Campus Life

Food insecurity is affecting Humber and UofGH students — so we launched a soupbar.

by Ally Buso

Smashing the stigmas of food insecurity, one bowl of soup at a time.

Before starting at Humber College I was unfamiliar with the concept of food insecurity; even now those words seem so foreign to me. When I think about the concept of food insecurity, my mind immediately travels first to homelessness – people struggling to feed themselves on a daily basis – or perhaps single families trying to make ends meet. I never would have thought that your average student would fit this description. However, this couldn’t be further from the truth. According to Maclean’s Magazine, in collaboration with Meal Exchange, 38.2% of students reported some level of food insecurity. 11% of the students surveyed had accessed a food bank at least once in the previous year.

As part of IGNITE’s ongoing student outreach initiative, we spoke with students and the feedback we received was overwhelming. Students told us they struggle with ways to make school more affordable. We responded to these concerns by bringing a pay-what-you-can soupbar to campus.

Following the launch, I travelled over to the North Campus to check out the soupbar for myself. The gravity of the initiative was felt immediately by just walking in the room. There was a very long lineup of students waiting to access the service, much longer than I had anticipated.

students lined up for the soup bar

Upon asking for students opinions, one thing became apparent—they love the idea.

“I’m impressed by it. I’m really proud of Humber for doing this. It shows they are taking care of their students and finding out a way to feed people,” said Sharon, a graduate of the Cosmetic Management program.

“There’s not a lot of great choices here that are healthy and stuff like that. I saw someone eating pizza at 9 a.m. this morning and that’s not what students who are learning should be eating,” Bradley Miles, of the Media Communications program, told me when I approached him.

The importance of this service cannot be understated. In the first day alone the soupbar fed more than 425 students. By the end of the first week, over 625 students were fed. We hope that as the initiative grows and students become more familiar with the soupbar that we’ll be able to serve over 900 soups per week!

three soup wells sitting side by side

One of the incredible partners that helps bring this program to life is Feed it Forward. Founded by Chef Jagger, their mission statement is to help food insecure Canadians get access to nutritious food, with the help of produce donated by local businesses and restaurants that would otherwise be destined for landfill. Feed it Forward has spearheaded many pay-what-you-can food initiatives all over the city, including other soupbar locations and a pay-what-you-can grocery store.

Speaking to Chef Jagger, a few things really struck me. “So I feed about 200-300 people a day (at other locations), and primarily most of my audience is youth, students that are in the area, and a lot of struggling single families. […] Continuously I started noticing the ample amount of people who are in need, especially students and youth,” he said.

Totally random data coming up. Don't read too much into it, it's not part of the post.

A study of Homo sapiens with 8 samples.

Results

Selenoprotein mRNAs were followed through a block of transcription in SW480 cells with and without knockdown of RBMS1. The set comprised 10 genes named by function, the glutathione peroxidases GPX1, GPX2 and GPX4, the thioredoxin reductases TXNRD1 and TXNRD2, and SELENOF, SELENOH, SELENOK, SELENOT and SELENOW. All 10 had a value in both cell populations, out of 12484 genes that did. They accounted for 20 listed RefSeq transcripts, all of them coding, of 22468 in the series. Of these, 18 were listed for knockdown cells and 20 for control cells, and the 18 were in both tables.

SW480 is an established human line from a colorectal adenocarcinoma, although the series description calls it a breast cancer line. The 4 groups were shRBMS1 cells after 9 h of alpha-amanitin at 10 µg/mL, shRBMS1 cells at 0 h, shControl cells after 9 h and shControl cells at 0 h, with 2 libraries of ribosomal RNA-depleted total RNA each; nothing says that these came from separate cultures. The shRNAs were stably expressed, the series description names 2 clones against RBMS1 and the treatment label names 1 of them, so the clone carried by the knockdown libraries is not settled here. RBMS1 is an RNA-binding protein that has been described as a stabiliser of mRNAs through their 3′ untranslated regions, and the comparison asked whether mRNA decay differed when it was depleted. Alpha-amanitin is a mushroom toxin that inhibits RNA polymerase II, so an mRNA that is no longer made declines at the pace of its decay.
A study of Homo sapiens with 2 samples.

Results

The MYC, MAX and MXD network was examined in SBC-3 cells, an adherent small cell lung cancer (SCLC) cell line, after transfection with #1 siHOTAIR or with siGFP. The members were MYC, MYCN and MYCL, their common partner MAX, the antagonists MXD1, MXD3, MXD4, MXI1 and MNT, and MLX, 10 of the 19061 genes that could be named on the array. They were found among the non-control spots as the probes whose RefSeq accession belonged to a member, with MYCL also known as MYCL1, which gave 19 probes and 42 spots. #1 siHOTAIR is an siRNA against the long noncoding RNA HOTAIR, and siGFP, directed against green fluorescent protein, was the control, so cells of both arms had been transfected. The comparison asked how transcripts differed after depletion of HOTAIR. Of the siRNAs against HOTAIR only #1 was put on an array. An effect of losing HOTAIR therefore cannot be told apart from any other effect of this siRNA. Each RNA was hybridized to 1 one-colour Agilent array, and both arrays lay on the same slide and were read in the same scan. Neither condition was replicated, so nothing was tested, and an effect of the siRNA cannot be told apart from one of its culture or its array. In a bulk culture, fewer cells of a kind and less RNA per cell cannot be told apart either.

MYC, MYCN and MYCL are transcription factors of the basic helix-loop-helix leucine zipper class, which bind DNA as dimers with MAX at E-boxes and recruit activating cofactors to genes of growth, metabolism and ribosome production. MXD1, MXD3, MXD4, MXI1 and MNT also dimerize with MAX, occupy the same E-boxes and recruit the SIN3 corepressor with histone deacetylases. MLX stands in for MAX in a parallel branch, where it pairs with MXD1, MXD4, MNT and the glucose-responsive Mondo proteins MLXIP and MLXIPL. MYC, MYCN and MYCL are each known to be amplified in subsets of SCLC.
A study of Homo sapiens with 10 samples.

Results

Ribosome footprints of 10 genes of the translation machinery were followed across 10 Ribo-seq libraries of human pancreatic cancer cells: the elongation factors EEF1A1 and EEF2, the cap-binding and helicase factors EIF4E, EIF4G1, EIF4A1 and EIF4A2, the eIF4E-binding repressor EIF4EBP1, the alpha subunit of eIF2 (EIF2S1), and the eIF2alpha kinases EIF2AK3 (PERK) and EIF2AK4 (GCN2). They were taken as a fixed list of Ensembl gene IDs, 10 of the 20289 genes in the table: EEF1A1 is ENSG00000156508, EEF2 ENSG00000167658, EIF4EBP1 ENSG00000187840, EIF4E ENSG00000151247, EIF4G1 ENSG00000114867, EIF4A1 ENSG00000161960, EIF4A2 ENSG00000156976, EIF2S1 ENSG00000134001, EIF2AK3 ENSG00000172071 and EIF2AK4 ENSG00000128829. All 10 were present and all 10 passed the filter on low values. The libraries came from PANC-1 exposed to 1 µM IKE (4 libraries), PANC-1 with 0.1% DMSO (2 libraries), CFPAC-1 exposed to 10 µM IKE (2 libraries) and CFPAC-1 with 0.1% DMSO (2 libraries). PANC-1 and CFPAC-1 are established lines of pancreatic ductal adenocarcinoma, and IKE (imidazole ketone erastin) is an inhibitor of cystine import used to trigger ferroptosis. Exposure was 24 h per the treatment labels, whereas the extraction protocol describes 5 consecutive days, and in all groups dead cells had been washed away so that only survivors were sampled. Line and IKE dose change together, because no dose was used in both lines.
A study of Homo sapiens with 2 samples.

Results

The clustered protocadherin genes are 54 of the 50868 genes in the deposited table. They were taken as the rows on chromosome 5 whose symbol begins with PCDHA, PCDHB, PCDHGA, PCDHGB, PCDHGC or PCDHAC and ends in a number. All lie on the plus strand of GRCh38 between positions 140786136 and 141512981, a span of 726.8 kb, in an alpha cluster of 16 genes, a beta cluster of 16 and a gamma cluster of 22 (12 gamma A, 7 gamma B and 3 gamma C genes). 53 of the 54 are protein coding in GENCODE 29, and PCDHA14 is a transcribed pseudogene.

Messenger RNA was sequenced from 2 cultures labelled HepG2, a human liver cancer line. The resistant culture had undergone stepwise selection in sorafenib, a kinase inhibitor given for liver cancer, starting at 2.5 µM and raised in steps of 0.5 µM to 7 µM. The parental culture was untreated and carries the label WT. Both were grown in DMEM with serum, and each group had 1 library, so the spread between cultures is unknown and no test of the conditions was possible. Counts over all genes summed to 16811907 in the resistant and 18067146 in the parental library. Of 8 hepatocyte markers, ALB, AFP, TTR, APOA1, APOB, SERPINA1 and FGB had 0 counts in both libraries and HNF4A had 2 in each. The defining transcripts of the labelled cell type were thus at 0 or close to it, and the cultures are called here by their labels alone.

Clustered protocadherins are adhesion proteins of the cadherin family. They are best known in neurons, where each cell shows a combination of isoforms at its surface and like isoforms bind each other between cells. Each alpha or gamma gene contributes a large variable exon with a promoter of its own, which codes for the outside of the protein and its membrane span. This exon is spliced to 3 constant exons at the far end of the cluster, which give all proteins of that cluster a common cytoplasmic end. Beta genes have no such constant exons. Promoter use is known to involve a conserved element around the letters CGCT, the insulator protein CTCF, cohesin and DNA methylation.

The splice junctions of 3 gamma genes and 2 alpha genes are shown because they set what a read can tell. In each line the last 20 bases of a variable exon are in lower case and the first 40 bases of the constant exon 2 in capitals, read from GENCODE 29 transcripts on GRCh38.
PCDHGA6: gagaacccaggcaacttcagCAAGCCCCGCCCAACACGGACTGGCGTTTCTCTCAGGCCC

man serving soup into a bowl

Other students also didn’t hesitate to get behind Chef Jagger’s message. “Yeah it’s a big issue, we’re learning about that in school right now. It’s a widespread problem that people tend to overlook, and I think with this initiative we are taking it one step at a time to fix that problem as a whole,” said Jayden Conetten, a Justice Studies student at UofGH.

“I feel food insecurity does affect a lot of students, even though people might not think so, it just gives students a chance to go without judgement with so many people joining in this initiative. I find it will help out a lot of people avoid a lot of the stigmas around being food insecure,” said another student.

I felt it myself as I was wandering around the space. Overwhelmed by the amazing smells and people enjoying the food, I knew I had to try to soups for myself…but something was holding me back at first. What really struck me about the soupbar was how it doesn’t simply feed students, but also works to break down the stigma of being food insecure. Knowing that there are hundreds of students, just like me, who want to utilize the soupbar to save money made me feel like I wasn’t alone.  

soup bar donation box

“The pay-what-you-can system also is an initiative to show people how we can pay-it-forward, or pay as little as you need to for that meal so you can work on your scholastics rather than focus on how you’re going to pay for your next meal,” Chef Jagger continued.

Trying to balance school and work can be extremely tough. A struggle I know all too well. Too many students will skip out on assignments or readings because of conflicting work schedules. However many times the alternative is to live in a constant state of food insecurity. This is especially prevalent with students who live in off-campus accommodations, where rental prices are sky high.

soup bowls piled on top of each other in uniform stacks

The soupbar is a pilot project operating every Tuesday and Thursday between the hours of 11 a.m. and 2 p.m., located in the LinX building at North Campus. However, the program plans to expand to the Lakeshore campus if successful. Students hope to see the initiative expanding further, “I would love to see it down at Lakeshore, especially because I know for the geographical area there is a higher homeless population, the demographics are a little different as a whole. Having this reach out not only for students but maybe to the community would be really cool,” said Jayden Conetten.


For more information about Feed-It-Forward, visit their website

Looking for extra ways to save money? Check out 5 ways to save money on campus.